For many years, antibiotics were used as a misguided treatment to the problem of acne, as acne does have a relation to bacteria – however, it was believed that this bacteria was the cause, and that acne itself was an infectious disease. Research and study show this not to be the case, and demonstrate that there’s no direct correlation to the quantity of ever-present P. acnes and of outbreaks of acne.
While there are cases where antibiotics are necessary, and while they do often work, the issue is that it can be likened to using a bulldozer to build a snowman. It’s an excessive, unnecessary response, especially with the dire implications of revelations made in recent decades about antibiotic-resistant bacteria.
It’s a serious issue, which many dermatologists are an unfortunate part of, as they’re five times as likely to prescribe oral antibiotics than their numbers would imply. Topical erythromycin provides an example of an antibiotic used to such a great extent that it simply does not work in the United States, anymore.
These issues can be negated to some extent by pairing the prescription with benzoyl peroxide, but patients dislike it as it stains fabrics. Oftentimes, this leads this important step to be disregarded and for the problem of antibiotic-resistant bacteria to be made worse, for the sake of keeping bedsheets unbleached. Looking forward, it’s important to encourage accountability and the spread of new information among American dermatologists to counter this trend among dermatologists and to preserve the efficacy of antibiotics.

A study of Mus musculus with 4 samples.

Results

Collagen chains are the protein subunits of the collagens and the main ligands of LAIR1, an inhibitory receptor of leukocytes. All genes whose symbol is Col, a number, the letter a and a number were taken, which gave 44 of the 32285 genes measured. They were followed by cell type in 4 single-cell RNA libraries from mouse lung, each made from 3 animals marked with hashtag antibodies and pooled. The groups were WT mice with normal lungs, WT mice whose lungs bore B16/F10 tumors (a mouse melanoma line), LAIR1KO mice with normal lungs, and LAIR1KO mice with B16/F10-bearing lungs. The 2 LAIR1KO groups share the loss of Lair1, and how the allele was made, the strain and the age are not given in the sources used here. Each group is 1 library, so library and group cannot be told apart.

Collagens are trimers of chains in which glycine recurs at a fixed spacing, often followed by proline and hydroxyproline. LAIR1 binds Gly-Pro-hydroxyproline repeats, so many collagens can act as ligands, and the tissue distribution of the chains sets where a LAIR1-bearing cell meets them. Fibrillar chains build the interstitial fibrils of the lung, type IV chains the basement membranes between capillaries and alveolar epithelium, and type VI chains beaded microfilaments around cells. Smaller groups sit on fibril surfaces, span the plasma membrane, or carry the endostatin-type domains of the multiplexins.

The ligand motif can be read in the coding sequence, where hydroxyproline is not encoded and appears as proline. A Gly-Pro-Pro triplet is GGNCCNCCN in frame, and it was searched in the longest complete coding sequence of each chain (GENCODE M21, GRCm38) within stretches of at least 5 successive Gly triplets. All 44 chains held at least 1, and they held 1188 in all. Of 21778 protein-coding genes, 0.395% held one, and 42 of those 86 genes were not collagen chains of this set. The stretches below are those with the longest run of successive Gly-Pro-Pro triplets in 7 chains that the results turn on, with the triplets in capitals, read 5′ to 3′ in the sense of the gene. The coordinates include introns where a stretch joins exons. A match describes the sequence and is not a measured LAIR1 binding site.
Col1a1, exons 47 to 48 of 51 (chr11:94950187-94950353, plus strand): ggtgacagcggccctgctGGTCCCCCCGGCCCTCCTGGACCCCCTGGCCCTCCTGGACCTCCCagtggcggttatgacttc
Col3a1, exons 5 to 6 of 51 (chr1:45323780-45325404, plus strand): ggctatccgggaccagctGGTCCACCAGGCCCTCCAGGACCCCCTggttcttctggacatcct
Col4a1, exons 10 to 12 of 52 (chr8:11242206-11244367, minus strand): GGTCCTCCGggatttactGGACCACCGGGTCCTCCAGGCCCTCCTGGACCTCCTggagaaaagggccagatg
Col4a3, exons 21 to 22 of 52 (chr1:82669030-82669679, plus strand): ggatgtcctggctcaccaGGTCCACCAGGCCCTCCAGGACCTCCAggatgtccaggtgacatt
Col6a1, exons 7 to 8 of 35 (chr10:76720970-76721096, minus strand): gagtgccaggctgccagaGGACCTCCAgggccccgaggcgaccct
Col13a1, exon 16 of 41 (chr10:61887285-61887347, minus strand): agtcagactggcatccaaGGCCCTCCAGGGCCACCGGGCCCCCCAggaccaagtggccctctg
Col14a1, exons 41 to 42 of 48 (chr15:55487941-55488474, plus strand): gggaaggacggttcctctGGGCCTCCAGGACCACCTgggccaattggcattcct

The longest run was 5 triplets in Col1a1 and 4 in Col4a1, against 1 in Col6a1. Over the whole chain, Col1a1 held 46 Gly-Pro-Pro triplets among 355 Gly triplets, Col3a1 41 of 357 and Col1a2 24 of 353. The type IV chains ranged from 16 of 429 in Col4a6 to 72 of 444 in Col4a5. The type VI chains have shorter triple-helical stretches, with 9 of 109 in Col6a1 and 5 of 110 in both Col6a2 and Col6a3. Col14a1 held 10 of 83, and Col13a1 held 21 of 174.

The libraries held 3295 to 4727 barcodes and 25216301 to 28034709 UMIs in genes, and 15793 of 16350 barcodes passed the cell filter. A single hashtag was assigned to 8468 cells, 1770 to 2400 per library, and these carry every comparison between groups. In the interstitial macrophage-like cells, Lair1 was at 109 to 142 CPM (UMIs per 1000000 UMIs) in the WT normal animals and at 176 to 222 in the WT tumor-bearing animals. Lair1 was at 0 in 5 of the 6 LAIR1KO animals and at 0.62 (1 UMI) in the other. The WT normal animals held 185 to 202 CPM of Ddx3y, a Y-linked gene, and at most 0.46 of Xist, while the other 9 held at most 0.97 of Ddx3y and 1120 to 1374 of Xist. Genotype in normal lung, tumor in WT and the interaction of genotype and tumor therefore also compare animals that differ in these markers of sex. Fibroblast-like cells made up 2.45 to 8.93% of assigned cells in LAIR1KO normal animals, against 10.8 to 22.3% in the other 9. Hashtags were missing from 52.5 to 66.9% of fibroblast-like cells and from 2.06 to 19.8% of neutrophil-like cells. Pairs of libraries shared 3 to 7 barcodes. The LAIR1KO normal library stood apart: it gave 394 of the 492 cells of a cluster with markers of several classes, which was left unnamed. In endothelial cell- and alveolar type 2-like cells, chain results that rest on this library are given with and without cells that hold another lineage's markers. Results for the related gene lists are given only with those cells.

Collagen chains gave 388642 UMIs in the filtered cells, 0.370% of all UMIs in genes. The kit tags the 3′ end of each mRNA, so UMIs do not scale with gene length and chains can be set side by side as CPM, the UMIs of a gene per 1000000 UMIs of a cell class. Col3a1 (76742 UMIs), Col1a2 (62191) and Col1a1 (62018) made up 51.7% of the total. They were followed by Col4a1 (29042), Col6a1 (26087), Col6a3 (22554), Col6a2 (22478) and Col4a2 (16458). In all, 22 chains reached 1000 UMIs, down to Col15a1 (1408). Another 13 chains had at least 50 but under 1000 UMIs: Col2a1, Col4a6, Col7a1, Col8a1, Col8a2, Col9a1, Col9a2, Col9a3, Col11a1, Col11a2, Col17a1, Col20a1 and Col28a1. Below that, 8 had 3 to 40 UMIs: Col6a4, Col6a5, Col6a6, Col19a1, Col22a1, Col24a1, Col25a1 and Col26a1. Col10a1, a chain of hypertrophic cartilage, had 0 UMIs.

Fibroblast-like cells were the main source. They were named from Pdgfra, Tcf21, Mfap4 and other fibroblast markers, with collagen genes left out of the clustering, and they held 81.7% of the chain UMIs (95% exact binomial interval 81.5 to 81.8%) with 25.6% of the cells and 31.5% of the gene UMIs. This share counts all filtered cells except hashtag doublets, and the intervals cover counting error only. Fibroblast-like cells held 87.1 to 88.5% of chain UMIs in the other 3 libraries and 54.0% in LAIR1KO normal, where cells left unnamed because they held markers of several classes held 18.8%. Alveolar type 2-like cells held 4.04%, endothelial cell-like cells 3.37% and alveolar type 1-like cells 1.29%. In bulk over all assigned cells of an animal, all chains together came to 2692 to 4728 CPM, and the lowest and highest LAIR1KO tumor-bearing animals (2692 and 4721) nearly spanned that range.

Tim Ioannides is a Board of Dermatology member, certified by the same body, and has thus far spent his medical career serving the dermatological needs of the Treasure Coast of Florida. He operates his own dermatology practice, with multiple locations throughout the aforementioned Treasure Coast. See This Article for additional information.